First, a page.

APPLETON, Wisc. (BRAIN) — Fix It Sticks will wrap up its second successful Kickstarter crowd funding campaign on Tuesday, having raised nearly $80,000 (with six hours to go) to put into production two new versions of its wrenches. The start-up company's initial goal was to raise $14,000 in the campaign.
Brian Davis, a Cat. 3 racer and former bike shop mechanic, got the company rolling last year with his first Kickstarter campaign, which raised more than $45,000, far exceeding Davis' $18,000 goal. The initial design was inspired by Davis' desire for a three-way hex wrench that could be carried on a bike. The original orange-anodized wrenches were well-received by consumer websites and after the Kickstarter campaign orders were fulfilled, Davis began selling consumer direct and to retailers; he even rented a small booth at last fall's Interbike show. The sales eventually allowed Davis to quit his day job as a FedEx salesman.
The new campaign involves two products. The first is another stick-style design, but this time with replaceable bits. The new design is steel, rather than aluminum, and will ship with a total of eight bits (hex in 2mm, 2.5mm, 3mm, 4mm, 5mm, 6mm, Phillips #2 and Torx 25). The 1/4-inch bits are available at most hardware stores for users who need a different size or replacements down the road. The bits are held in place with magnets and the tool is sold with a carrying case made of recycled bike inner tubes. It will retail for about $36 after the campaign.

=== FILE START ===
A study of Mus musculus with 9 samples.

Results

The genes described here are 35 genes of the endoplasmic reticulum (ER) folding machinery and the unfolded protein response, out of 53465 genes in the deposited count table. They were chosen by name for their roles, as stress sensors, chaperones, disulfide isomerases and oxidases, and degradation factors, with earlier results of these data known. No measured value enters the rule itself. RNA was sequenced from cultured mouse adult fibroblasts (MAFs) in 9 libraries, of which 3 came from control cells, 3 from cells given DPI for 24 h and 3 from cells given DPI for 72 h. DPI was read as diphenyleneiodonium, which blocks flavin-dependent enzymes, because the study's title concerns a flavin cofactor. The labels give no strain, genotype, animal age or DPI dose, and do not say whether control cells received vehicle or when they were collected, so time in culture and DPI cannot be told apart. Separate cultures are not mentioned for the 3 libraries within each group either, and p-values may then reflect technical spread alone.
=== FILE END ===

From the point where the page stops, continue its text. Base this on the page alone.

The campaign's second product is a T-wrench with replaceable bits. The design is intended more as a shop tool than a carry along because it doesn't come apart for compact storage. It will ship with seven bits and retail for $30.
All the tools are made in the U.S., and when reached by BRAIN by phone recently, Davis was taking a break from sewing the inner tube cases (Most of the recycled tubes come from the Wheel & Sprocket stores in Wisconsin).
About 40 shops carry the original tool, which is available dealer direct and through Trek, J&B, KHS, Cyclone, Rumbleship and Olympic.
Once the second Kickstarter campaign is complete, the new products will be shipped first to fulfill Kickstarter pre-orders, then to dealer direct accounts and finally to distributors.
Davis said funding the projects by Kickstarter not only was a convenient way to raise capital for production runs, but also provided consumer feedback.
"Instead of spending tens of thousands of dollars to put something into production to see if people wanted it, I can put it on Kickstarter and find out quickly whether people are interested," he said.
The Kickstarter campaign ends at 6:17 p.m. MDT Tuesday.